Something that has been puzzling me for some while is why bigger contractors were so slow to accept their may be a recession coming.
Up to about springtime in various conversations with fairly senior folk and in notes I'd read from main contractors I noted an air of confidence and talk of growth within their ranks. I found their mood a little unsettling and strangely at odds with what I was hearing from smaller firms.
From where I was sitting the likelihood of a nasty downturn seemed pretty high.
Well, I think I may have found an answer to this seeming paradox in the more detailed orders figures. And, if my suspicions are right, it raises some worrying issues regarding contractors' ability to smell trouble ahead.
If you look at the figures for larger contracts there are some interesting patterns. Basically from the start of 2007 on a quarterly basis big contracts have accounted for an ever increasing slice of the new orders cake.
So, for instance, in the first quarter of 2007 the top 20 contracts accounted for about 17% of the new work let. In the third quarter of 2008 the figure was 29%. That being so it means that proportionately there has been less in the way of smaller contracts.
I did a bit of slightly finer-grained number crunching looking at the figures for contacts above £2 million. This allows you to exclude housing work if you wish to.
Now, as I have said before, the orders figures need to be treated with caution and it is always wise to be a bit sceptical of any obvious conclusions.
But here is some of what I found.
I compared the six months to March 2008 (more or less the first six months after the credit crunch bit) with the same period a year earlier.
For contracts worth more than £2 million there was an increase in cash terms of just over 7%. Take housing out and the rise was nearer 17%. Much of this was from a boost in public sector work and from infrastructure work. And commercial work was still rising.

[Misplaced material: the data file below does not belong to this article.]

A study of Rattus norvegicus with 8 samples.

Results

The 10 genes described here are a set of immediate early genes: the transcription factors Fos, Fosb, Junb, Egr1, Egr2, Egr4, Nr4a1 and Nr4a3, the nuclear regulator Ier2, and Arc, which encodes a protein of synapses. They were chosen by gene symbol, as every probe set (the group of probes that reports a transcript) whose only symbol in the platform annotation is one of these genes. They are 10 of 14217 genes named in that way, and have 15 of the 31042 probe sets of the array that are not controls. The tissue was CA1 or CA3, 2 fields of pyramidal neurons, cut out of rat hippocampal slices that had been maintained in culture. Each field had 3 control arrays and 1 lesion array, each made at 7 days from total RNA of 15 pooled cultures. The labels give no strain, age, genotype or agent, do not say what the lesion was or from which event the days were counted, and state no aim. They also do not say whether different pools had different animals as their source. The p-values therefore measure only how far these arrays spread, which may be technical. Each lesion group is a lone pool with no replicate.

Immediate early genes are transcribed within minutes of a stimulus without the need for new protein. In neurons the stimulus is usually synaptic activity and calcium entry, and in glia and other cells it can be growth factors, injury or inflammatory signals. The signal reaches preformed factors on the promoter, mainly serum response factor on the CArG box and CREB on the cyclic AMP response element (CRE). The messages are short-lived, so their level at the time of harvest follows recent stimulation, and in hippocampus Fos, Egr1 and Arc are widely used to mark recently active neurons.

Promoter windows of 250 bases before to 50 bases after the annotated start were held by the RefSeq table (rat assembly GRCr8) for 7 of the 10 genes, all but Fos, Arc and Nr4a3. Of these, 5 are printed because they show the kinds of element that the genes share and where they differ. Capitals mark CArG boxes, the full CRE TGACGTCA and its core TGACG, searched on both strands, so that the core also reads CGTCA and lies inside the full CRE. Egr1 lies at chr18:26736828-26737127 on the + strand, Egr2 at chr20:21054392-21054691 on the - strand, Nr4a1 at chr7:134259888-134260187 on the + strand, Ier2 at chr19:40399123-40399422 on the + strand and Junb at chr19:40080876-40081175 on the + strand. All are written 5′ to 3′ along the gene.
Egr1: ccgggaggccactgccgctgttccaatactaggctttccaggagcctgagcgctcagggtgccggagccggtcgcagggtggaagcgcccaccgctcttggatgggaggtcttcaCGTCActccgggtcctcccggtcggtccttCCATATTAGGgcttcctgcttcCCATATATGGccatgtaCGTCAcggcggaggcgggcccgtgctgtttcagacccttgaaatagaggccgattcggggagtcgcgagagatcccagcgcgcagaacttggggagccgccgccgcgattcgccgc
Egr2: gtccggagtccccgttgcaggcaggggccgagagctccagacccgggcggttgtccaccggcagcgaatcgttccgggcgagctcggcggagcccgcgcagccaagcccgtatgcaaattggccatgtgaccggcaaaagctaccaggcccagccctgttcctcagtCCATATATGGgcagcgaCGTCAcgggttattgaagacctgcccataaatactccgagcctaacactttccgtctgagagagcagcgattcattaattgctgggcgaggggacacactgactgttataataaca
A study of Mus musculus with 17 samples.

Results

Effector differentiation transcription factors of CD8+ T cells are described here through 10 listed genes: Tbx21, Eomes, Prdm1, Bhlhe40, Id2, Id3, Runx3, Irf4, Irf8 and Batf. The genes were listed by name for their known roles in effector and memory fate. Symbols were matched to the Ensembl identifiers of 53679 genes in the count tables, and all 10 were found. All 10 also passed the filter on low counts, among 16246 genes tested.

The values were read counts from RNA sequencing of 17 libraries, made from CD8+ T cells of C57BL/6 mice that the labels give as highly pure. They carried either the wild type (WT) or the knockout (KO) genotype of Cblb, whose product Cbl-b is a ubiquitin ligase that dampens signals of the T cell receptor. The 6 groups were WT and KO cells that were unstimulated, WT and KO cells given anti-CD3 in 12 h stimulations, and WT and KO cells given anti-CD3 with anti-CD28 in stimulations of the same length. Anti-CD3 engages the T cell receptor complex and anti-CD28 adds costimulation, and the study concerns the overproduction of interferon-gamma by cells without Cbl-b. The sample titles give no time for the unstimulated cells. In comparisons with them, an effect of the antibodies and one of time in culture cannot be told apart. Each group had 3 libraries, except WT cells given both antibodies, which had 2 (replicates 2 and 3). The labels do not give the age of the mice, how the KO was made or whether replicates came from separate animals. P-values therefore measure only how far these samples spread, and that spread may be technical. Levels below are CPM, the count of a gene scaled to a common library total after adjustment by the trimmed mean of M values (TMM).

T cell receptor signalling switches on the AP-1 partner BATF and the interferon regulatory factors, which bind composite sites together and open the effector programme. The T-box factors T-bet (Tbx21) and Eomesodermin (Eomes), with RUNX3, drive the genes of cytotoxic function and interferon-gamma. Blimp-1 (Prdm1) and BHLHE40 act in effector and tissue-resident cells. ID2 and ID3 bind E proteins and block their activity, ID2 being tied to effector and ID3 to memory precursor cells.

For work worth less than £2 million there is a different picture, orders fell about 5%. Taking housing out they fell by a bit more than 1%.
Now compare the six months to September 2008 with the same period a year earlier and we see a distinct darkening of the picture.
For contracts worth £2 million plus we see the level of orders down in cash terms by the best part of 19% and even when taking housing out of that there was a fall of about 15%. What is of interest is the marked decline in commercial work.
For contracts worth less than £2 million there was also a fall in work over this period of 21%, but when housing is taken out the fall was just 8%.
Looking at these figures in the light of my puzzlement over the seeming complacency I felt was evident among larger contractors and it leads me to a rather unsettling conclusion.
Main contractors use as their primary sensor of future prospects the run of orders coming in.
Despite the credit crunch the bigger players saw an increase in orders in key sectors of their business. It would seem that this blinded them to the possibility of a broader construction recession and reinforced their view that the impact would be restricted to house building.
If this was their view, they were wrong.
But it is an issue of greater concern if main contractors are relying on such a narrow measure for their primary indicator of future business.